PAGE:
The Corner

Putinology

Barack Obama’s cancellation of his Russian visit is the normal sort of diplomat payback for insult and injury — in this case the asylum offered Edward Snowden in the face of administration pleas to send him home for punishment. But with Obama, as with everything with Obama, the about-face invokes irony, hypocrisy, and paradox, because it is just the sort of normal Neanderthal tit-for-tat that was not supposed to happen under an Obama pathbreaking foreign policy.

He entered office chastising the Bush administration for its failure to talk with the Iranians and Syrians. The subtext was that Bush lacked both his own charm and insight into human character that together would produce results that Texan right-wingers stuck in Cold War prisms could hardly appreciate.

The Snowden putdown proved the proverbial icing on the cake, given that the Obama administration had always combined the worst of both diplomatic worlds with Putin, as it so often does with its empty redlines and deadlines: loud sermonizing without commensurate toughness.

Dropping the Eastern Europeans on missile defense, negotiating with the Russians on reducing strategic arms without much concern for our obligations to our non-nuclear allies that quite easily could become nuclear without our huge umbrella, the open-mic assurances of post-election flexibility, or pleading with the Russians to be reasonable on Iran and Syria was juxtaposed with loud lectures to the Putin authoritarians on human rights, tolerance of dissent, and proper behavior at the U.N.

Putin — earlier than other leaders — grasped that the U.S. was back to a utopian Jimmy Carter mode. And so, not content in finding advantage, he also seeks fun in publicly humiliating the U.S. He was always an unapologetic Russian nationalist, stung by the loss of prestige after the collapse of the Soviet Union, but reenergized by huge oil revenues. His stock and trade has always been pointing out Western moral hypocrisies — from supporting cruel anti-democratic Islamists to distorting U.N. resolutions on no-fly zones and humanitarian aid in Libya.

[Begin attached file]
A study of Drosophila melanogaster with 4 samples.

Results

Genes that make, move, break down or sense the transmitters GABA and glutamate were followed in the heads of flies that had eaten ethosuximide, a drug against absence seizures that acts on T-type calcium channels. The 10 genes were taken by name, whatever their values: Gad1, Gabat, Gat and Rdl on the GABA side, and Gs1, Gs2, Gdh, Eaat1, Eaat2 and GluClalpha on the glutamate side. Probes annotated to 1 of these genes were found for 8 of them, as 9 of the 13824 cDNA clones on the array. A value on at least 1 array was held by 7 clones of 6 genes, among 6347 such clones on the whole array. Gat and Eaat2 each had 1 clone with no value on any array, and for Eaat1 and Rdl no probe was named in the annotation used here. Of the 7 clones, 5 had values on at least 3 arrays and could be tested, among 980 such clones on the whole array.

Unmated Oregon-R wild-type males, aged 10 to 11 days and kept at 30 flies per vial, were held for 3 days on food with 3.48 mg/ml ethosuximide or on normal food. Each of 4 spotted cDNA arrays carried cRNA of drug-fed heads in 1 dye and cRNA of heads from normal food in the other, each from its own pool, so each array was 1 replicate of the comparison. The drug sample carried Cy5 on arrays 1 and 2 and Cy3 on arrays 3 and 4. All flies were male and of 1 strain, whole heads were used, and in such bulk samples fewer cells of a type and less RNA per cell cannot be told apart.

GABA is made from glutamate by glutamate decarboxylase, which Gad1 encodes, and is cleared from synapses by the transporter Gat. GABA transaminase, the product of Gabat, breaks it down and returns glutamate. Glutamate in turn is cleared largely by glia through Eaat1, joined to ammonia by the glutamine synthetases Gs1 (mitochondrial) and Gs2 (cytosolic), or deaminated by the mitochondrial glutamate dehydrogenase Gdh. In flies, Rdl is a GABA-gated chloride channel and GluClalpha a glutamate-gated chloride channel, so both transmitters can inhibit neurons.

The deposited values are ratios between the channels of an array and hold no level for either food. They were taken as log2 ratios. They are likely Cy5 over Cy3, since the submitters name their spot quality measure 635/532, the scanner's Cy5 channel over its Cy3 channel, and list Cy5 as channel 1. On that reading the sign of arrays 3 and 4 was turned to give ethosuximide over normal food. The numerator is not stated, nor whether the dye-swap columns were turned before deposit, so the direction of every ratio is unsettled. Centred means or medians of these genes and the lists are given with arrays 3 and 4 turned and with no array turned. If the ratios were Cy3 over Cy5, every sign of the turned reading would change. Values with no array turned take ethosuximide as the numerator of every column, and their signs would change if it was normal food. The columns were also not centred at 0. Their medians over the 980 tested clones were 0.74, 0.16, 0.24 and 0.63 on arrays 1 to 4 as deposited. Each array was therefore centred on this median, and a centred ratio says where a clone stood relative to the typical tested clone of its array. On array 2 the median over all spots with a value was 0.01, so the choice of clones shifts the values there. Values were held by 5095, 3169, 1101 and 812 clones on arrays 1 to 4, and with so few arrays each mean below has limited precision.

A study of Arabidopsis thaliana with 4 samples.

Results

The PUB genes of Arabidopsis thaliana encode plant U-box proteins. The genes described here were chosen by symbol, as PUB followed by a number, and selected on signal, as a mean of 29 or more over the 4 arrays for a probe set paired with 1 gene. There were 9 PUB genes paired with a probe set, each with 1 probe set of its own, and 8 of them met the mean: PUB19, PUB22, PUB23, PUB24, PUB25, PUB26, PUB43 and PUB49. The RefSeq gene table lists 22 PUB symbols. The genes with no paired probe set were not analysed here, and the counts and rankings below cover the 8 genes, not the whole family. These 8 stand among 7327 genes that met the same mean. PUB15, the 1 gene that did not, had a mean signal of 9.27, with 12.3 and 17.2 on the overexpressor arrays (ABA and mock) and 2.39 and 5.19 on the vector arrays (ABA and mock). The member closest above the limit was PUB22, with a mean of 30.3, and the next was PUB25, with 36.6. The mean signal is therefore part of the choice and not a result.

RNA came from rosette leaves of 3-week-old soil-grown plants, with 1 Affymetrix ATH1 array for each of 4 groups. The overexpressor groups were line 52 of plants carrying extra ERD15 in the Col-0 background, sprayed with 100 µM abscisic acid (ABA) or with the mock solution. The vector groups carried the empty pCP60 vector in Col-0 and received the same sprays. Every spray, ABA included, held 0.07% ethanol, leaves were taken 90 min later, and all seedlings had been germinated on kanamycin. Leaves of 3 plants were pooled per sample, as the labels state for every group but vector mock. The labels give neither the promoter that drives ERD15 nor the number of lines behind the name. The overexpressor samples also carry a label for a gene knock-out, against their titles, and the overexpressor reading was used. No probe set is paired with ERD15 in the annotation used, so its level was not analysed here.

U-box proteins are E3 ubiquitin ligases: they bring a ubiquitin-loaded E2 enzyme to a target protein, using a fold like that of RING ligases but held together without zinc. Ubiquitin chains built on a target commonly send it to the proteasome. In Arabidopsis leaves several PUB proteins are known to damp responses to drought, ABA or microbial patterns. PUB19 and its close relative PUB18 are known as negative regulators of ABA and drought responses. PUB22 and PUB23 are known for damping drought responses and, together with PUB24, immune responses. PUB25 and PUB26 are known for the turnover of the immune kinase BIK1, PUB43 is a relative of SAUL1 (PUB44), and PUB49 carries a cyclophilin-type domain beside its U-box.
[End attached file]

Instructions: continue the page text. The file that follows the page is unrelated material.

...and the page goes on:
In that sense, he is the perfect antithesis to Obama. The sanctimonious Al-Arabiya interview, the Cairo Speech, and the missionary declarations on Libya all presupposed that Obama alone was sensitive to diverse cultures and had both the charisma and moxie to win over those who were previously alienated due to less-sophisticated American leaders.

The result is not just chaos in the Middle East — an unbound Iran, the Syrian quagmire, the Somalization of Libya, Benghazi, the closing of an unprecedented number of embassies, the Egyptian flip-flop-flips, another doomed Israeli-Palestinian initiative — but a global sense that most countries either politely tune Obama’s soaring rhetoric out, or enjoy finding ways to expose the lack of commensurate concrete consequences. 

Putin knows that and positions himself as the sort of realist that mocks Obama’s pretensions. And while most abroad accept that he is a thug, they nevertheless seem to enjoy watching Putin, in spider-and-fly fashion, deflate our moral pretenses.

In light of the Soviet invasion of Afghanistan, the Communist insurgencies in Central America, the Iranian revolution and the taking of hostages in Tehran, and the Chinese invasion of Vietnam, Jimmy Carter committed to upping the defense budget, dropped his lectures on inordinate fears of communism, issued the “Carter Doctrine,” and gave up on coaxing Khomeini.

But for a variety of reasons, Obama is no Carter, and I doubt he will make such eleventh-hour adjustments.

NRO contributor Victor Davis Hanson is the Martin and Illie Anderson Senior Fellow at the Hoover Institution and the author, most recently, of The Case for Trump.